Risk-based high-throughput chemical screening and prioritization using exposure models and in vitro bioactivity assays

Hyeong-Moo Shin, Alexi Ernstoff, Jon Arnot, Barbara Wetmore, S. A. Csiszar, Peter Fantke, Xianming Zhang, Thomas E. McKone, Olivier Jolliet, Deborah Bennett


    We present a risk-based high-throughput screening (HTS) method to identify chemicals for potential health concerns or for which additional information is needed. The method is applied to 180 organic chemicals as a case study. We first obtain information on how the chemical is used and identify relevant use scenarios (e.g., dermal application, indoor emissions). For each chemical and use scenario, exposure models are then used to calculate a chemical intake fraction, or a product intake fraction, accounting for chemical properties and the exposed population. We then combine these intake fractions with use scenario-specific estimates of chemical quantity to calculate daily intake rates (iR; mg/kg/day). These intake rates are compared to oral equivalent doses (OED; mg/kg/day), calculated from a suite of ToxCast in vitro bioactivity assays using in vitro-to-in vivo extrapolation and reverse dosimetry. Bioactivity quotients (BQs) are calculated as iR/OED to obtain estimates of potential impact associated with each relevant use scenario. Of the 180 chemicals considered, 38 had maximum iRs exceeding minimum OEDs (i.e., BQs > 1). For most of these compounds, exposures are associated with direct intake, food/oral contact, or dermal exposure. The method provides high-throughput estimates of exposure and important input for decision makers to identify chemicals of concern for further evaluation with additional information or more refined models.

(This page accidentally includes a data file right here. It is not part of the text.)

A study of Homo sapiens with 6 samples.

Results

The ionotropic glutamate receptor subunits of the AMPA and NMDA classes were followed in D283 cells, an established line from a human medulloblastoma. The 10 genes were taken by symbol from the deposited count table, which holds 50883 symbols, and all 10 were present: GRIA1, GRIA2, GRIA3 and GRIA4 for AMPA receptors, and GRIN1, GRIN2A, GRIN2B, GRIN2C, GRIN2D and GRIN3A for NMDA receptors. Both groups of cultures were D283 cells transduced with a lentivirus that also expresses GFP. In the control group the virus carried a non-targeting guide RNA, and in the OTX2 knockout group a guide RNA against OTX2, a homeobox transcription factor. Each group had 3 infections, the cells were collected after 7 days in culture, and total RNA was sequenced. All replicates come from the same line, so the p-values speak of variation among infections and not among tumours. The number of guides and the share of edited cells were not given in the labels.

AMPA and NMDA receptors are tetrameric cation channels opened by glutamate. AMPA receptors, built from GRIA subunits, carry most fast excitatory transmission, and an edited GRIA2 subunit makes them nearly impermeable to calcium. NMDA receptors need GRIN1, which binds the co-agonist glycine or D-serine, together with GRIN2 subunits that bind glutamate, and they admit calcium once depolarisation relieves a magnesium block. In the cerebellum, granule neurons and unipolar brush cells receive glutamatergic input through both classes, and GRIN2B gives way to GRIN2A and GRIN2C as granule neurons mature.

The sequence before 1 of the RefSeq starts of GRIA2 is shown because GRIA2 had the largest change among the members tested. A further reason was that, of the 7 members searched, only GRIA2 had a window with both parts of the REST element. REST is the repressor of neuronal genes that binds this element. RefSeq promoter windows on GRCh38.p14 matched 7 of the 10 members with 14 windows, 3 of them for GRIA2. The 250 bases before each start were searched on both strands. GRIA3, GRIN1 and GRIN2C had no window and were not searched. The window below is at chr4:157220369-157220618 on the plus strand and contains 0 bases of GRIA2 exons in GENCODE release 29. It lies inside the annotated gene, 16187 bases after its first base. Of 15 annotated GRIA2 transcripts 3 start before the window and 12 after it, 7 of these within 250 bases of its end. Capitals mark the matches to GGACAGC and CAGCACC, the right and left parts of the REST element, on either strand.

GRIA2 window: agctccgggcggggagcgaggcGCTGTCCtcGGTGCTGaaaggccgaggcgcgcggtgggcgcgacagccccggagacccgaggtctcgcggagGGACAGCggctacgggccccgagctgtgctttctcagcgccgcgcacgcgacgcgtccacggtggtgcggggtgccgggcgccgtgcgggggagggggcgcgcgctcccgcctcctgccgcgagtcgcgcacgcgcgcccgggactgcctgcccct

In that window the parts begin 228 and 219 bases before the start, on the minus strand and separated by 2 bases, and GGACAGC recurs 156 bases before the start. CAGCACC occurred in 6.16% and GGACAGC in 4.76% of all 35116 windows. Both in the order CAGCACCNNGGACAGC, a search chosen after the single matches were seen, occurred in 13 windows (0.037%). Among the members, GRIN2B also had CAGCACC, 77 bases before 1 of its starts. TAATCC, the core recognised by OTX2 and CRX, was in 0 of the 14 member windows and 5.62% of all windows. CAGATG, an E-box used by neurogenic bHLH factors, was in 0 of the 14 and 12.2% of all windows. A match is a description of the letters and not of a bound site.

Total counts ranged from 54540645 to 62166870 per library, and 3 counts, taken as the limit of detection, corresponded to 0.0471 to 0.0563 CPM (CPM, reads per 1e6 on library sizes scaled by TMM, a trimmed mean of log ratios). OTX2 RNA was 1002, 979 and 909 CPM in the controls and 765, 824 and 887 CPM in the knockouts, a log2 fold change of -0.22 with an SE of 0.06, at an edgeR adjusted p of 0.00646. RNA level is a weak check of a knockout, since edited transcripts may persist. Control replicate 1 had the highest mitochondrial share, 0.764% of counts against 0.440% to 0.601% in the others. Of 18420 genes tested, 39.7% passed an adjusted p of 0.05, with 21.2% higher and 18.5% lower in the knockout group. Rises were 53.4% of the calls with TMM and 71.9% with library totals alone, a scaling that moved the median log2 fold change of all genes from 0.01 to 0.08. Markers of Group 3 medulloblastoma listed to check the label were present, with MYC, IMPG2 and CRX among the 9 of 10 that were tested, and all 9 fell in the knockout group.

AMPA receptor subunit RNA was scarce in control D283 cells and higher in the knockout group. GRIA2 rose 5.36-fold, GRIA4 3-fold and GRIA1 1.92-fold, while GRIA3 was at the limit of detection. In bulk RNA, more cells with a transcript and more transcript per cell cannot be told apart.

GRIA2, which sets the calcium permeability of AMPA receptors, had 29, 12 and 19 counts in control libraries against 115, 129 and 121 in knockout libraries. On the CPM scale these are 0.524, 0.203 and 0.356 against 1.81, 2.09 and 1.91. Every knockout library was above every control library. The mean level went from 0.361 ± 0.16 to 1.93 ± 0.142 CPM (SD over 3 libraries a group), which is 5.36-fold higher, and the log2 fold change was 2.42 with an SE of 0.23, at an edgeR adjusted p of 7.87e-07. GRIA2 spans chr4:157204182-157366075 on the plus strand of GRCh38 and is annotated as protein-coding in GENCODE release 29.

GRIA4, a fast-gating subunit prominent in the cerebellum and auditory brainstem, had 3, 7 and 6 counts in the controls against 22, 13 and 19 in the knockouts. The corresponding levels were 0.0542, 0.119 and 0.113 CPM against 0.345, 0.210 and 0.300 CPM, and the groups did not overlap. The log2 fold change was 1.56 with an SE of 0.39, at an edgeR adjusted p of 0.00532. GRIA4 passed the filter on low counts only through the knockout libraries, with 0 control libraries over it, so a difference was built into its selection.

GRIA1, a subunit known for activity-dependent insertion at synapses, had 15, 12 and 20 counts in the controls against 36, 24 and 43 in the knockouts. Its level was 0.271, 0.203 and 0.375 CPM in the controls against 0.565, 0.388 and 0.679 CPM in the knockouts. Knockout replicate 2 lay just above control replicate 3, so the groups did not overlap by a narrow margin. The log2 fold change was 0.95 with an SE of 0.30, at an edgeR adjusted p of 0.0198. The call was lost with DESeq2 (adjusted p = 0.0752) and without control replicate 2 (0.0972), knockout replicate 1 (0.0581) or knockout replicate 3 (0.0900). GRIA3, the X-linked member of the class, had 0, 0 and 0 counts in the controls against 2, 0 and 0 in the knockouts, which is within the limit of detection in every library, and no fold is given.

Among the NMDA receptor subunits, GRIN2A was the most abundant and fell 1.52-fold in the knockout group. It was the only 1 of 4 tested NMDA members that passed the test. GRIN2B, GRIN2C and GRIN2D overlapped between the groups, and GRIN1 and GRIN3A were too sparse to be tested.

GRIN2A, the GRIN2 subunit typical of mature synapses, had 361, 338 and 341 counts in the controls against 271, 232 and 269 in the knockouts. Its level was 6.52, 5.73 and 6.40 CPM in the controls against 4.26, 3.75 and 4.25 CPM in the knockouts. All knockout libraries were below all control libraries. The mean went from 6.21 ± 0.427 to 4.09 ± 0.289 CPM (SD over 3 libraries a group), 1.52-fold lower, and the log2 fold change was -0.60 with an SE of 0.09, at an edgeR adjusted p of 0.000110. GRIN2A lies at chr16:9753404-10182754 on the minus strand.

Original languageEnglish
    JournalEnvironmental Science & Technology (Washington)
    Volume49
    Pages (from-to)6760−6771
    ISSN0013-936X
    DOIs
    Publication statusPublished - 2015

    Bibliographical note

    This is an open access article published under an ACS AuthorChoice License, which permits copying and redistribution of the article or any adaptations for non-commercial purposes.